Rudolph W. Giuliani’s promise of a “big surprise” to help Donald Trump’s election in October 2016 led to Democratic accusations the FBI was feeding him secrets about an investigation of Hillary Clinton.

But a newly obtained transcript shows the former New York mayor told federal agents it was okay to “throw a fake” when campaigning, to which his then-law partner added, “there’s no obligation to tell the truth.”

Giuliani’s comments came in a 2018 interview with agents for the Justice Department inspector general, conducted in a room at Trump’s hotel in downtown Washington. The Project on Government Oversight, a government watchdog group, sued for a copy of the interview transcript and provided it to The Washington Post on Wednesday.

Giuliani’s private defense of his actions has come to light as he and other Trump lawyers face discipline and possible court sanctions for their unfounded statements surrounding the 2020 election, raising questions about lawyers’ integrity in a democracy.

During the February 2018 interview to try to determine if FBI agents had leaked him sensitive information, Giuliani’s then-law partner and counselor, Marc Mukasey, opined that the standards for truth-telling are different in electoral politics than in legal matters.

“In the heat of a political campaign, on television, I’m not saying Rudy necessarily, but everybody embellishes everything,” Mukasey said.

“Oh, you could throw a fake,” added Giuliani — who in addition to serving as mayor of New York from 1994 to 2001 also spent eight years as a federal prosecutor in the city.

“You’re under no obligation to tell the truth,” Mukasey replies, according to the transcript. To which Giuliani repeats, “You could throw a fake.”

An agent then said, “Fake news, right?”

Mukasey replied, “Right.”

Mukasey declined to comment Wednesday. A lawyer for Giuliani did not immediately respond to a request for comment.

Giuliani’s public credibility has suffered significantly since 2016. He is under investigation by federal prosecutors in New York for his dealings with Ukrainian figures in the run-up to the 2020 election, and his license to practice law has been suspended in New York and D.C. over his unfounded claims of fraud in the 2020 presidential election.

At the time of the interview, Justice Department Inspector General Michael Horowitz was looking into claims that FBI agents may have tipped off Giuliani to a decision by then-FBI Director James B. Comey to reopen an investigation into Clinton less than two weeks before the 2016 election.

Two days before Comey’s announcement, Giuliani said on Fox News that Trump, the GOP nominee, had “a surprise or two that you’re going to hear about in the next few days. I mean, I’m talking about some pretty big surprises.”

After Comey’s announcement, suspicions intensified that Giuliani had inside information about the Clinton case. At first, he suggested in TV and radio interviews that he did. But he quickly backtracked. And in the inspector general interview, Giuliani claimed that his reference to a surprise was just a tease for the possible large purchase of advertising time in which Trump would speak directly to American voters for five or more minutes.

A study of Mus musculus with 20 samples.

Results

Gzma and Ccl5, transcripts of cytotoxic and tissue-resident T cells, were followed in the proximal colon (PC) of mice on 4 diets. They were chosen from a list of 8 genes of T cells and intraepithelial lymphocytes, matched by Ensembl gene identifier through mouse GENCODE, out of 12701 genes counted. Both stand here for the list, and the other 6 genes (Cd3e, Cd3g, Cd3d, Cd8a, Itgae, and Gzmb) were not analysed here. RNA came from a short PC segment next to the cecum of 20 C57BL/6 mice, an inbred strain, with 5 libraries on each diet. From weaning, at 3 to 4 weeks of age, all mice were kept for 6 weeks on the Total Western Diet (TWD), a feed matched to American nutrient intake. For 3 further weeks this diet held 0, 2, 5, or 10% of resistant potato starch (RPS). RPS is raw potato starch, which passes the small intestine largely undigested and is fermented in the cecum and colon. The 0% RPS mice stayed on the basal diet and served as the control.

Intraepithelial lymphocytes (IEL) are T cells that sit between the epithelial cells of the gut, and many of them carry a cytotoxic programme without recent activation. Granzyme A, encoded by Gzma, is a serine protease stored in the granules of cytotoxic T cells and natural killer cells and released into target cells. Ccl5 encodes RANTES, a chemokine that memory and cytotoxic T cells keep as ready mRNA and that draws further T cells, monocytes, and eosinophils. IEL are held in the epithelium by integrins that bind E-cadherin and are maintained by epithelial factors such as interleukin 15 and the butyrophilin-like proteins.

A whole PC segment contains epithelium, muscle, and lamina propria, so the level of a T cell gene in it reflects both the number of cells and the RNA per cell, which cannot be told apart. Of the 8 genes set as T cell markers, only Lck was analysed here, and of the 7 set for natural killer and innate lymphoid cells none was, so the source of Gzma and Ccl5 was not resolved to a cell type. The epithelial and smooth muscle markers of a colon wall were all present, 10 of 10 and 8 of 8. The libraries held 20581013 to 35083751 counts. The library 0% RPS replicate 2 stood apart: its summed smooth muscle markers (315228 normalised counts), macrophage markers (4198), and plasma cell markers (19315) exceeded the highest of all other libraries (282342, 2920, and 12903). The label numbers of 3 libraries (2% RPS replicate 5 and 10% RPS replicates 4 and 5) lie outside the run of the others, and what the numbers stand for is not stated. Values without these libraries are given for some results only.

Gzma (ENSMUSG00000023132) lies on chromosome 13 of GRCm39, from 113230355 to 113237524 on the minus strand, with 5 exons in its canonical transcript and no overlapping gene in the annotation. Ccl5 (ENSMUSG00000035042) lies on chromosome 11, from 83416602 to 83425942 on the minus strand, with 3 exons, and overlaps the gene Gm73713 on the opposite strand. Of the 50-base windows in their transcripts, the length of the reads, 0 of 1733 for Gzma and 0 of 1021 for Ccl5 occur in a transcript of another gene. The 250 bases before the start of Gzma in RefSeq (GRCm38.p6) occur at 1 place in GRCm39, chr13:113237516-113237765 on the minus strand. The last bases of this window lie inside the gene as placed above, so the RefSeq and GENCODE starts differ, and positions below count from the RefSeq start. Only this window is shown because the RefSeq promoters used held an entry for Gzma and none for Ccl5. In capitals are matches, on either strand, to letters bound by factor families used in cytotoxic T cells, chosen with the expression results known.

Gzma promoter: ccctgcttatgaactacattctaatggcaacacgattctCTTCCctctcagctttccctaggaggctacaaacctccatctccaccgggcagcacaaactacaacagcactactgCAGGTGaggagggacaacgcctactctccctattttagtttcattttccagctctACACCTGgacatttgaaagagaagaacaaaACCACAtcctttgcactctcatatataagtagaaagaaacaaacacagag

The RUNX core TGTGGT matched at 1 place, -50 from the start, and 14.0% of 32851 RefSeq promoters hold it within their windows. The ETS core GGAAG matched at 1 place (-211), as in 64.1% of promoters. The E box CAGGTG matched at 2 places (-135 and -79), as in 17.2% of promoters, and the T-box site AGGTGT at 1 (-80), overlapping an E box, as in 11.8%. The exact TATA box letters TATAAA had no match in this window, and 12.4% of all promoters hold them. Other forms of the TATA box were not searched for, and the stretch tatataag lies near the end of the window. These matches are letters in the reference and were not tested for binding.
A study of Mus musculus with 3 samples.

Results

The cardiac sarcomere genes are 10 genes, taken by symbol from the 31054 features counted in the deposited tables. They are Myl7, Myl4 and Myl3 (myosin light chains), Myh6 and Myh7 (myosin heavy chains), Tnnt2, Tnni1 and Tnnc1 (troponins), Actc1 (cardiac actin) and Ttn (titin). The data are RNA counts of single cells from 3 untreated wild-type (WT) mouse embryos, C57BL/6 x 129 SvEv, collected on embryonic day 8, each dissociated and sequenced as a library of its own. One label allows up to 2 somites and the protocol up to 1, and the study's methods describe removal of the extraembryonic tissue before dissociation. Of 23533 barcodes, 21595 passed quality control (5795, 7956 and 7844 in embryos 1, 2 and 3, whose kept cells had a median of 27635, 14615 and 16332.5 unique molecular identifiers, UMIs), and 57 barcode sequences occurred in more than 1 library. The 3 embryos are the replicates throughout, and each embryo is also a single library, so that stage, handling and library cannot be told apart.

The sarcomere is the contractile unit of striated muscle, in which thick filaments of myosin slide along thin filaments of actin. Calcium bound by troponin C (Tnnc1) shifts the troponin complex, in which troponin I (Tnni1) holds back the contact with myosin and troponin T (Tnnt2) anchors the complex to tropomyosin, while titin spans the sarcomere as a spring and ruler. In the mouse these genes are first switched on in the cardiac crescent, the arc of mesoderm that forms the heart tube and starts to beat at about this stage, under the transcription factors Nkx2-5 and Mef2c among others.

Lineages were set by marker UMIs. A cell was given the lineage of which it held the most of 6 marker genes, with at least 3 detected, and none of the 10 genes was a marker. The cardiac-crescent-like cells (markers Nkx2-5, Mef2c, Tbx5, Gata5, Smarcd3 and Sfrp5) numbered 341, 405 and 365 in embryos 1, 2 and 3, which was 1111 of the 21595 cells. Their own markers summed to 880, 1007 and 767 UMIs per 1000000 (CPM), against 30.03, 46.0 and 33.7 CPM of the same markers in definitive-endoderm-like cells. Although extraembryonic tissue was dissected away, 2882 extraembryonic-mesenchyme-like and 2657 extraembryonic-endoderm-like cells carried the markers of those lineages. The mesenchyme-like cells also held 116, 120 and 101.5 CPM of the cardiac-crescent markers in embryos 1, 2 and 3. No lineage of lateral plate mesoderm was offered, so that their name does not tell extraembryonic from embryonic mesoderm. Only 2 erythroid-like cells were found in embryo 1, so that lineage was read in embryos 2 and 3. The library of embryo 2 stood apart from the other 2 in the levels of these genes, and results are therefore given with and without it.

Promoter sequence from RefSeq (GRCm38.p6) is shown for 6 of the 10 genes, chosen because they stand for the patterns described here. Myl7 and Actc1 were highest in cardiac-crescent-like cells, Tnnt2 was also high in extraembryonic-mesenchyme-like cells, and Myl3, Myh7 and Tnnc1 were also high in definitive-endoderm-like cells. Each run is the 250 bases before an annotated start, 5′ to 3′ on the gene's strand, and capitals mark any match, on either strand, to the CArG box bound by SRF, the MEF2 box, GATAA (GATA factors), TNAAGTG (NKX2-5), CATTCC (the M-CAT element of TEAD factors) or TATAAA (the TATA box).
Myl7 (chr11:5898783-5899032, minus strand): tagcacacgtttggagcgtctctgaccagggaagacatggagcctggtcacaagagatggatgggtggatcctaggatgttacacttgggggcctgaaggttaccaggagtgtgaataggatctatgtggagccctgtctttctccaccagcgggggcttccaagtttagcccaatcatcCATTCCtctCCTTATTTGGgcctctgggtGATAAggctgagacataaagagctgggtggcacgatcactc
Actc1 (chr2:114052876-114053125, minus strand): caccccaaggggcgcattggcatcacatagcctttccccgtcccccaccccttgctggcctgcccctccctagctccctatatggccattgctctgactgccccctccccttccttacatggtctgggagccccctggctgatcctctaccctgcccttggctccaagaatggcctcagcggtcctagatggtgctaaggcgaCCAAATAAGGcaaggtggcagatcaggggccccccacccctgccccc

Unlike a television interview, it can be a crime to lie to investigators with the inspector general’s office, though pursuing such a case is a decision made by Justice Department prosecutors, and they often decline to do so. When he was interviewed by investigators, Giuliani said that he had not talked to any current FBI agents and that Comey’s statements “were a shock to me. I had no foreknowledge of any of them.”

According to the transcript, he suggested he heard gossip and innuendo in television green rooms from among others James Kallstrom, a former FBI official who retired from the bureau in 1997. Asked if he thought Kallstrom or anyone else had accurate information to share, Giuliani said “it could easily be that they did or they didn’t . . . or that the people that they spoke too [sic], excuse the language, were bulls---.”

Scott Amey, general counsel at the Project on Government Oversight, said he found the discussion about throwing a “fake” troubling. “Election or not, truth and honesty don’t seem important to many these days,” he said.

Giuliani and Mukasey offered agents occasionally meandering explanations for why Giuliani was not in touch in 2016 with anyone actually employed by the FBI at that time. At one point, Giuliani said he probably had not spoken to a current employee of the bureau for more than a year, since receiving an award from an agents’ group. That happened in 2014.

“The last time I could remember talking to an FBI agent before that was when I got the [award] . . . which my wife liked because it came with handcuffs. She wanted me to get more handcuffs.”

When the interviewing agent replied, “strike that from the record,” Giuliani added: “Only to put on the wall.”

When agents pressed him why, then, he had claimed at the time that he had spoken to active FBI agents eight or 10 months earlier, Giuliani replied, “I just picked a number out of the air.”

He also said he was prepared for some disgruntled FBI agent to come forward to Giuliani’s law firm seeking legal representation. “I thought we might get a call. Never did. Never had rumor of one.”

Throughout the interview, Giuliani insisted he had no inkling what Comey planned to do about the Clinton investigation before he did it, though he did say that he thought Comey showed he was susceptible to political pressure.

After Comey reopened the investigation, Giuliani said he cautioned Trump not to praise the FBI director too much “because the guy’s going to change his mind again when the Democrats put enough pressure on him . . . this is a guy who is much more amenable to pressure than I thought.”